June 10, 2015
Melissa Padilla, Rony Dixon
and Blake Ferguson
Three marketing staff members from Texas Tech University’s Office of Communications & Marketing participated in a CreateAthon event in Albuquerque, New Mexico, where marketing professionals and students worked for 24 hours to provide creative and technical services for local nonprofit organizations.
The Texas Tech graphic designers who participated are Blake Ferguson, Rony Dixon and Melissa Padilla.
“I decided to be a part of CreateAthon because it was a great opportunity to use my skills and talent to help the community,” Padilla said. “It is incredible that in 24 hours we worked with a group of strangers who all had different skills but all came together to help improve nonprofit organizations. Even though it was difficult to stay awake for 24 hours, it was worth it.”
The CreateAthon began nationally in 2002. It has delivered more than 3,500 projects to more than 1,300 nonprofits and counting. The total amount of work donated is valued at $20.5 million.
This was the first CreateAthon hosted in Albuquerque, and it had more than 100 participants in attendance. The nonprofits selected for the event were Casa Esperanza, Centro Savila, CLNKids, Inc., Crossroads for Women, Global 505 Coalition, Heading Home, Littleglobe, Inc., Mandy’s Special Farm, Paws and Stripes, TIASO and Watermelon Mountain Ranch.
Ferguson, who participated in previous CreateAthons, worked with Crossroads for Women, an organization helping women transform their lives and break the cycle of incarceration and homelessness. Ferguson’s group helped the organization with branding, created a new website and provided the organization with a basic communication plan and strategy to attract more donors and connect better with the community.
“Being involved in this again was an opportunity I didn’t want to pass up,” Ferguson said. “I really believe in giving back, and using the skills we all have to do that is a great way. CreateAthon gives you the opportunity to help out those nonprofits that are already doing great things in their communities, but don’t have the money or knowledge to be able to have professionals design or advertising.”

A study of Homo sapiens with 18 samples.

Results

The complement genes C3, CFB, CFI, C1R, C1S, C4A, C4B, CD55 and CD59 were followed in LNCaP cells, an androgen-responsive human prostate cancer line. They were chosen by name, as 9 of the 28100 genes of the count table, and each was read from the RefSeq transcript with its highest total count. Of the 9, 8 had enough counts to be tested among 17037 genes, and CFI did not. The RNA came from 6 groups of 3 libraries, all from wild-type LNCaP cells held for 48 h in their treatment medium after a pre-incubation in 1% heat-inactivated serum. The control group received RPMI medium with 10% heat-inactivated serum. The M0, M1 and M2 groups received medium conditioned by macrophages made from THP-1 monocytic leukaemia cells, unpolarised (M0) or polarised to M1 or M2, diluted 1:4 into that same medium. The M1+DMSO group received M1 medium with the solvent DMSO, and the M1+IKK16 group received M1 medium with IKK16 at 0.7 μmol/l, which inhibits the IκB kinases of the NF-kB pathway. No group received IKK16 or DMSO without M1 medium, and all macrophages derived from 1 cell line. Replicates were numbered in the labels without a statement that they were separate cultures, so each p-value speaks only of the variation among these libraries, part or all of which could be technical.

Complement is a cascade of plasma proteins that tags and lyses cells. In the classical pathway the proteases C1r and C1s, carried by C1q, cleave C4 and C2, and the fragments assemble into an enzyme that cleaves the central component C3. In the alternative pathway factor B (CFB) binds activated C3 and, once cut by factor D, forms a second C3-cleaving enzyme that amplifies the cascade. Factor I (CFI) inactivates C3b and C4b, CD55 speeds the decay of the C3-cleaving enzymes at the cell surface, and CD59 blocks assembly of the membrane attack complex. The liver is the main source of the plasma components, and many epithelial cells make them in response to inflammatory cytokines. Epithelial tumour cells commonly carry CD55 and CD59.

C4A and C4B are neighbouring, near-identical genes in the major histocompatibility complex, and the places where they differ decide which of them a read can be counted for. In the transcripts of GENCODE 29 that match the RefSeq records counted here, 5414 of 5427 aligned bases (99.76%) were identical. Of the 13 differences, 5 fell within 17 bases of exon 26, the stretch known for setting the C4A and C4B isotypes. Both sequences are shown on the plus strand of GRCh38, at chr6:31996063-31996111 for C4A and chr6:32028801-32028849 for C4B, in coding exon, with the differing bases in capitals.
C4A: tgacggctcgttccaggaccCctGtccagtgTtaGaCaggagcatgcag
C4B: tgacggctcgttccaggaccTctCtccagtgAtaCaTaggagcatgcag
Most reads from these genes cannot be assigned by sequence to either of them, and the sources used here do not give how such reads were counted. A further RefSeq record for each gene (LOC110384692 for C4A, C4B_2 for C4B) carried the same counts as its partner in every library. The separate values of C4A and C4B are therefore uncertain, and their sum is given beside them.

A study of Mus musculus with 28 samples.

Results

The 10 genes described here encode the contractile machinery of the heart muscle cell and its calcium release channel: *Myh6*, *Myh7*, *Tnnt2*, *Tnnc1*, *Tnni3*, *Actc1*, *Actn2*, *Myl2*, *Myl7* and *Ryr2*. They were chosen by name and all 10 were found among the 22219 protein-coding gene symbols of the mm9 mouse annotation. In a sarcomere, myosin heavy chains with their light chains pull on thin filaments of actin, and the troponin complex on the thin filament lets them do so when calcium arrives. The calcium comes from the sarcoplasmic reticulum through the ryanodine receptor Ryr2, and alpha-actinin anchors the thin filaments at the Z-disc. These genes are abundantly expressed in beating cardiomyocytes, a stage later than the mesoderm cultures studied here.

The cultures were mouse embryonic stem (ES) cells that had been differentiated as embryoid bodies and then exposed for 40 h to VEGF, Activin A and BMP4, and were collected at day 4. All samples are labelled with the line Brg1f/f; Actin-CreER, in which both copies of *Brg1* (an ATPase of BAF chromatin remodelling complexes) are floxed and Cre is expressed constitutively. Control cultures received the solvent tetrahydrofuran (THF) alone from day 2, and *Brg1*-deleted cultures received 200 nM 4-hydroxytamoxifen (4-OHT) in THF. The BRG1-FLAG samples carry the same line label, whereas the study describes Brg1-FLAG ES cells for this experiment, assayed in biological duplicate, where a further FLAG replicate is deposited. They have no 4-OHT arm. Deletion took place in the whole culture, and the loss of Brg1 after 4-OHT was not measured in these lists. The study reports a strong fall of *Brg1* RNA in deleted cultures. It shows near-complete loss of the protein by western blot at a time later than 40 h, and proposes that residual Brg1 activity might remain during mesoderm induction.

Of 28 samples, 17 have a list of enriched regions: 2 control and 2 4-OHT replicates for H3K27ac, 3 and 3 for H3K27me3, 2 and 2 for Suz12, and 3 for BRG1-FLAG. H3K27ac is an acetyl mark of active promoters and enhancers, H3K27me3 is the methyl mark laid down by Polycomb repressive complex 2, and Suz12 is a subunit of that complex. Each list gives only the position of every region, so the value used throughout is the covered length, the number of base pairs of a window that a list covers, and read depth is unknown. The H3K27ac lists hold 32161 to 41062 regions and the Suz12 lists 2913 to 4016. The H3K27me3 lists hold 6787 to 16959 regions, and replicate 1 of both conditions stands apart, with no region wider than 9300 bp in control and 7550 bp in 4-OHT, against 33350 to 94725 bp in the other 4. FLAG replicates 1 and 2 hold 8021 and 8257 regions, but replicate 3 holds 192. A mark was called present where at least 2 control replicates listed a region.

Dixon, whose group worked with TIASO, an artist cooperative that provides resources to artists for community projects, said the CreateAthon seemed like a fun challenge. His group designed basic marketing tools, including a logo, a tagline, business cards, brochures and letterheads along with brand identity guidelines and marketing strategies.
“The idea of working through the night was exciting, and I had a little bit of nostalgia from my all-nighters as a student,” Dixon said. “At the end of it all, the nonprofit organizations were so happy and that always makes it worth it.”
Padilla’s group worked with CLNKids, Inc., a nonprofit focused on ending child homelessness through early childhood education, parental support and community involvement. Padilla worked on web graphics for the organization’s newly redesigned webpage and a brochure for future donors.
“We spend so much time as designers and marketers working for companies that can afford great creativity and strategy,” Ferguson said. “It feels good to be able to give that same type of work to people who really need it. It’s great feeling knowing what you are doing could help a shelter, for example, to be able to have professional material to help secure larger donors or new revenue streams in order to expand and help more people.”